VoIP and the telecom industry is thriving as technological advancements have brought a radical change in the business communication methods. As per the Grand View Research report, the VoIP market size is expected to reach $145 B by 2024. Today, there is no issue of connectivity, thanks to the Internet, as you can communicate with people associated with your business anytime, anywhere with the help of VoIP solutions. When we talk about VoIP technology, a buzzword comes in our mind- VoIP Softswitch. Read on to know more about types of Softswitch and the key differences between them.
What is Softswitch?
A softswitch, a short form for software switchboard, is a central device or a type of software that routes or connects telephone calls virtually from one line to another across a telecom network or the public Internet with the help of software running on a general-purpose computer system or a server.
In a layman’s term, a softswitch is nothing but a software-based device that virtually and automatically connects the calls using general purpose servers and VoIP technology. It is a software equivalent of a former physical telephone switchboard. These days, a softswitch that routes calls using VoIP is gaining traction and is rightly said as a VoIP softswitch or a VoIPswitch.
How does VoIPswitch work?
A VoIPswitch receives calls made to phone numbers fall under its network from traditional PSTN (Public Switched Telephone Network) networks. We can say it call origination in which calls made to numbers within the VoIP network originate in the PSTN network. But, the role of a VoIPswitch does not end here. It can also route calls that originate from its VoIP network to phone numbers in traditional PSTN networks. It is referred as call termination in which calls made within the VoIP network are ended in a traditional PSTN network.
Based on the traditional functions in PSTN, VoIP softswitches can be subdivided into two classes: Class 4 softswitches and Class 5 softswitches. If we want to mention the functional area of both these types in just one line then it would be: Class 4 Softswitch is for routing large volumes of long distance VoIP calls across various countries, and Class 5 Softswitch is for routing calls in a city, town, state or country.
What is Class 4 Softswitch?
Class 4 Softswitch is defined as a softswitch used for routing IP-IP calls to distant international locations. It is useful for transiting VoIP traffic between carriers and can route large volumes of traffic over and between different exchanges and LATAs (Local Access and Transport Areas). Let’s understand the function of a Class 4 Softswitch through a hypothetical situation: Suppose an end user wants to initiate a call from Toronto to Japanese PSTN number. Now, Class 4 Softswitch will route the call to Japanese PSTN number when a wholesale VoIP service provider will receive the transfer order from a Class 5 Softswitch.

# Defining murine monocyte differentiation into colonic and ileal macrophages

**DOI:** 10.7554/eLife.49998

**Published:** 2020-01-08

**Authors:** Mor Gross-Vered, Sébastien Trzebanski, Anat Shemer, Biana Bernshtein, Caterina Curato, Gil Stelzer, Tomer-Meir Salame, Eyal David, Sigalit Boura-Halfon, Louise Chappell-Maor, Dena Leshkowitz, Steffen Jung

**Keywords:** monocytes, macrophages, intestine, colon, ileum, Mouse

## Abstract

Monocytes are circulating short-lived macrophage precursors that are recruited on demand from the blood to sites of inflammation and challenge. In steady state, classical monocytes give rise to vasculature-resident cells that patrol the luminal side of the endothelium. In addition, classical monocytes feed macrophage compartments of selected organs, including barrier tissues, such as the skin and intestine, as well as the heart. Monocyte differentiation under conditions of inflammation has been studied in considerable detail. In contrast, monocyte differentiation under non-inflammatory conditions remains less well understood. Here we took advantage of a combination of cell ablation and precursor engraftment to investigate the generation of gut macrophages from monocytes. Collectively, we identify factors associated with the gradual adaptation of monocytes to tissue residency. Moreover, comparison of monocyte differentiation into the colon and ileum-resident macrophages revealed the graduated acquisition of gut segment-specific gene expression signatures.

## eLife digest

What is Class 5 Softswitch?
A Class 5 Softswitch can route calls between end-users or consumers in relatively small areas as compared to a Class 4 Softswitch. When it comes to international call routing, Class 5 softswitches pass their traffic to a Class 4 softswitch. In our example of a call from Toronto to Japan PSTN number, the retail VoIP solution provider will transmit the international part of the call to a wholesale VoIP service provider using Class 5 Softswitch. In other words, Class 5 Softswitch is a retail solution while Class 4 Softswitch is a wholesale solution. Class 5 Softswitch also offers a plethora of modern features for enterprises and residential office customers.
Now comes the difference between the softswitch duo
The difference between Class 4 and Class 5 Softswitch is mainly based on their working areas and features. Let’s figure out the key differences between them:
Class 4 Softswitch is meant for routing long distance calls or say, international calls while Class 5 Softswitch is responsible for routing calls in the same city, state, or a country.
Class 5 Softswitch has mainly user-centric features including basic dial-tone, calling features, IP PBX features, call center services, calling card platform, QoS, Business Groups, social media usability, IVR, etc. Whereas a Class 4 Softswitch is just a simplified Softswitch solution that has VoIP service provider-related features like protocol support and conversion, number of concurrent calls, transcoding, intelligent call routing, secured firewall,etc.
Class 5 Softswitch is a handy retail solution while Class 4 Softswitch is a wholesale solution. In other terms, a Class 4 switch is a central office telephone exchange used to interconnect local exchange carrier offices for establishing long distance communications in the PSTN. In contrast, a Class 5 Softswitch is an exchange in the PSTN located at the local telephone company’s central office for serving the end users.
Class 5 Softswitches are designed to work with both VoIP service providers and end users. On the other hand, Class 4 Softswitches are made to serve wholesale VoIP solution providers, carriers, and Telco operators.
Class 4 Softswitch can transfer a lot of calls while Class 5 Softswitch can manage only small number of calls.
A Class 5 Softswitch can route calls to the IP or SIP address or a DID (Direct Inward Dialling) number of an end user, but a Class 4 Softswitch routes large volumes of long-distance VoIP calls across multiple IP networks.
Together, Class 4 and Class 5 softswitches provide the feature-rich, next-gen services for establishing a seamless communication between numerous enterprises across the nations.